PONTE VEDRA BEACH, Fla. — This time last year, Rory McIlroy was still one month away from his first major victory at the U.S. Open when he snubbed the Players Championship, the so-called fifth major. Also M.I.A. at Sawgrass in 2011 was Lee Westwood. The two of them exchanged “twitter banter” about heading out to play social golf while the rest of the world’s finest players were toiling in the Florida heat.
The blazers at PGA Tour headquarters failed to see the funny side of their very public disdain for the Tour’s marquee championship.
McIlroy has done much growing up in 12 months. He has become more aware of the responsibilities that come with his status as the world’s No. 1 golfer, which include being a spokesman for the sport and a flag carrier for his generation. His tweets are less frivolous, and he admitted on Tuesday that he made a mistake by not playing here last year.
“Looking back on it, it wasn’t one of my greatest moments.” McIlroy said with a sheepish grin. “I’m glad to be back.”
When 144 players tee off on Thursday, chasing a first prize of $1.71 million, many eyes will fall on Tiger Woods as yet another chapter of his never-ending circus unfolds. Is he back? (See victory at Bay Hill in March.) Or is he yesterday’s man? (See failure at the Masters and a missed cut last week in North Carolina.)
But as the players assembled here Tuesday, there was no doubt the buzz on the practice range was not so much about the 36-year-old former No. 1 player but rather the 23-year-old current No. 1 and his newly-crowned, flamboyant rival, 23-year-old Rickie Fowler. Last Sunday, Fowler finally delivered on his potential and hype to beat McIlroy in a playoff at Quail Hollow. You can hardly miss Fowler, who’s often dressed like an escaped convict and is attempting to make orange the new Sunday red.
The world seemingly waited an age and still failed to find a genuine competitor for Tiger. Now it doesn’t need one. Many hope McIlroy and Fowler will forge a new-age rivalry.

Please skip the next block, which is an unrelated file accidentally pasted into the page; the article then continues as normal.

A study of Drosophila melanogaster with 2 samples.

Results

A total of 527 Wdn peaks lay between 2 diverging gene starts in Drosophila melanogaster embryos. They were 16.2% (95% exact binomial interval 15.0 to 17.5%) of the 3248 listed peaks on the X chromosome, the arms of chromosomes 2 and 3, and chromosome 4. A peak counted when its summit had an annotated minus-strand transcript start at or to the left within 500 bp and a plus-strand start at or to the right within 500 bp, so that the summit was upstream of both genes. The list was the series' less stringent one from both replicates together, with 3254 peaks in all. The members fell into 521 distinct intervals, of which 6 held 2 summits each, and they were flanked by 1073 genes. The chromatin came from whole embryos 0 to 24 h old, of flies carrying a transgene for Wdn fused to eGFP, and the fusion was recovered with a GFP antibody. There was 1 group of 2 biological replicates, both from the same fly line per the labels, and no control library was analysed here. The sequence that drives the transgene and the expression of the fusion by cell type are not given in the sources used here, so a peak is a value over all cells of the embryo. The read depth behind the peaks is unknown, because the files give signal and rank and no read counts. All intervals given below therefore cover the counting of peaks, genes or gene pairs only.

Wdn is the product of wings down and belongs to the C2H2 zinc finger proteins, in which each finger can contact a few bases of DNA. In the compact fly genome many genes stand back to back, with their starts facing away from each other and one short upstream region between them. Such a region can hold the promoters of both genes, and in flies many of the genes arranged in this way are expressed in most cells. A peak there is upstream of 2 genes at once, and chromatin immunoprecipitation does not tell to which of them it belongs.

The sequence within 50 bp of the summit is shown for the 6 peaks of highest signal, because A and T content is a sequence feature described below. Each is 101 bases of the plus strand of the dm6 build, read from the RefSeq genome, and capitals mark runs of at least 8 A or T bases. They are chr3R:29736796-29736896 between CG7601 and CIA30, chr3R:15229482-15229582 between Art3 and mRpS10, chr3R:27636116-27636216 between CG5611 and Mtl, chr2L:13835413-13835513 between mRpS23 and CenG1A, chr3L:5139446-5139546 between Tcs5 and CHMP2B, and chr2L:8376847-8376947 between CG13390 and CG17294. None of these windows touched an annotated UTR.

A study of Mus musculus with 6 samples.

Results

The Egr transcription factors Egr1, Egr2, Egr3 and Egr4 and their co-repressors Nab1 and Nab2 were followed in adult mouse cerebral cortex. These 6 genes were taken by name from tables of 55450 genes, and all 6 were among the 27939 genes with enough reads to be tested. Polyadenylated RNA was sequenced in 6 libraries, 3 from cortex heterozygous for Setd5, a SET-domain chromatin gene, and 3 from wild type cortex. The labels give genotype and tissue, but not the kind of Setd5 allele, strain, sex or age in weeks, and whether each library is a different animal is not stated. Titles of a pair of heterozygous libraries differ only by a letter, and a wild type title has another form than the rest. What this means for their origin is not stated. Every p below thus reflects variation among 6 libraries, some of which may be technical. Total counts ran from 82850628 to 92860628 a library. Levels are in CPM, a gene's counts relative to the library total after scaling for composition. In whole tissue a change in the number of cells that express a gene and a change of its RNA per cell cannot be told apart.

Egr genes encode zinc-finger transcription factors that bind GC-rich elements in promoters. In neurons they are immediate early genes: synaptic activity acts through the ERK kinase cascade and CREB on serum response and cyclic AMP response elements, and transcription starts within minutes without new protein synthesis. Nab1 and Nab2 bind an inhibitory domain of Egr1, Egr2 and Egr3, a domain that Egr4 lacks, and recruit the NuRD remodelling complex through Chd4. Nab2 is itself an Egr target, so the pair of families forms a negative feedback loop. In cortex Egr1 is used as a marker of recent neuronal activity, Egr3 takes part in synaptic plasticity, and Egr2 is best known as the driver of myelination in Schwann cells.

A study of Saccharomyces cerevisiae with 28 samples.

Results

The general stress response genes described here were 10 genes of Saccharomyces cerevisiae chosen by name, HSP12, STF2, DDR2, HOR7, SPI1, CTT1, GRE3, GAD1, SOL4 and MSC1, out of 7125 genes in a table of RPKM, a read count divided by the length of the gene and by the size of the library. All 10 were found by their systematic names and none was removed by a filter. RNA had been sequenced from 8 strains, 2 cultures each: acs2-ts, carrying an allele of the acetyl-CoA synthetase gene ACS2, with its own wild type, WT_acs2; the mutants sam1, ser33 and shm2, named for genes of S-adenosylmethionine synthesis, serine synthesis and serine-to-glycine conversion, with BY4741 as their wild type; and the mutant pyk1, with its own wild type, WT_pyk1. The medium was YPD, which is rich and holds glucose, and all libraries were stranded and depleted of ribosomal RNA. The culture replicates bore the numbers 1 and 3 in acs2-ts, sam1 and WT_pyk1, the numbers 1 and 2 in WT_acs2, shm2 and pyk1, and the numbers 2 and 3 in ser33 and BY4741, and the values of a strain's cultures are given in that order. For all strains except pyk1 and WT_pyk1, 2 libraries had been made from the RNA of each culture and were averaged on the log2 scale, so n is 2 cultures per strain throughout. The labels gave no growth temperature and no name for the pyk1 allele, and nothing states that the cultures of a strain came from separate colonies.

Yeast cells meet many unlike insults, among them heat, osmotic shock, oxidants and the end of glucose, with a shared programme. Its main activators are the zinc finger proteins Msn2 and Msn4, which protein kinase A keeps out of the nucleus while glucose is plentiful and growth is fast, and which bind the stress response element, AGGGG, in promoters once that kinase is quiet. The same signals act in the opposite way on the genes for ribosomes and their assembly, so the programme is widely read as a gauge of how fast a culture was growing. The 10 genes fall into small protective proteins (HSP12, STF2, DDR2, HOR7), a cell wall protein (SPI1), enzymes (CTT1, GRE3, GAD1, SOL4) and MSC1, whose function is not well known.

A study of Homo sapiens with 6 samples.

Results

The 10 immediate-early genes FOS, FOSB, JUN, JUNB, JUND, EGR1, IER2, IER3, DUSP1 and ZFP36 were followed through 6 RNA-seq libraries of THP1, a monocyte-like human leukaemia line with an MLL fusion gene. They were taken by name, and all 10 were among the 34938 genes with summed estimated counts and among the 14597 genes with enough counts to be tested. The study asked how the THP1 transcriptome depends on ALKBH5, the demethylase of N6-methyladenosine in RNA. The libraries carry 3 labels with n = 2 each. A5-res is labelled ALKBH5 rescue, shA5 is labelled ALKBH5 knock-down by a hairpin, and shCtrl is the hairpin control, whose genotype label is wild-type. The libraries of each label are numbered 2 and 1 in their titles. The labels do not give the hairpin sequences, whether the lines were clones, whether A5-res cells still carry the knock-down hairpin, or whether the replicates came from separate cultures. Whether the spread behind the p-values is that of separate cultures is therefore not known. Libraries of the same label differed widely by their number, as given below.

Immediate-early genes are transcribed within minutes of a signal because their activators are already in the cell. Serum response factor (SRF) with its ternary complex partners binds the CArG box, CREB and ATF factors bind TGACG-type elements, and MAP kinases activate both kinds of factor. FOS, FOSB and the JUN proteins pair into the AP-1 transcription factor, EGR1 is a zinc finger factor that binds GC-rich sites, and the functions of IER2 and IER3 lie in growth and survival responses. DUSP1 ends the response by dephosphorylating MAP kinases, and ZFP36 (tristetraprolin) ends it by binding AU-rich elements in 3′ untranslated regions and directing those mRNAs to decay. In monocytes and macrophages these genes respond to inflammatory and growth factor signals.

“Tiger not paying his best has spread the spotlight and helps Rickie and I to stand out a little bit more,” McIlroy said. “It’s been a good thing for us.”
And it looks like it will be a friendly rivalry, too. They struck up a friendship in their amateur days. “I developed a really good relationship with him at the Walker Cup in 2007,” McIlroy said. “I felt like he was the best player on that (U.S.) team and also the nicest guy.”
The landscape has changed since Tiger was bullying his way to 14 major titles, the last of which came at the U.S. Open in 2008. McIlroy looked back on that era like he was flicking through the pages of history. Time will tell if Woods is history, or if there is to be one fabulous final chapter.
“As a fan growing up, I loved that Tiger was dominant,” McIlroy said. “And I loved that Phil (Mickelson) would challenge him for a while and then Ernie (Els) and then Vijay (Singh) and David (Duval). I liked that story line. It would be nice if a few people separated themselves from the rest. Hopefully I will be in that group. If I was a golf fan, I’d like to see a rivalry.”
There was a time when a 15-year-old McIlroy would shudder at the very mention of Woods, his boyhood hero. “Yeah, I think the first time I met Tiger I was a little star-struck,” McIlroy said. “I watched him on television winning majors by 15 and 12 shots and doing things no one else could do. It’s funny, I was more nervous meeting Tiger than I was meeting Barack Obama.”
But Tiger’s Superman aura flew out of the window in 2009. “I still expect Tiger to come back and do some great things,” McIlroy said. “He’s won this year, so he’s definitely on the right track.”
That was his nod to the past, with respect duly given to his one-time idol. But then came his nod to the future.
“But I think it was great for golf that Rickie won,” McIlroy said. “It’s great to have characters like that playing well, and he engages with the fans really well. He’s a really popular guy out here.”
Woods can’t escape his past as he searches for a future; for McIlroy and Fowler, the future is now.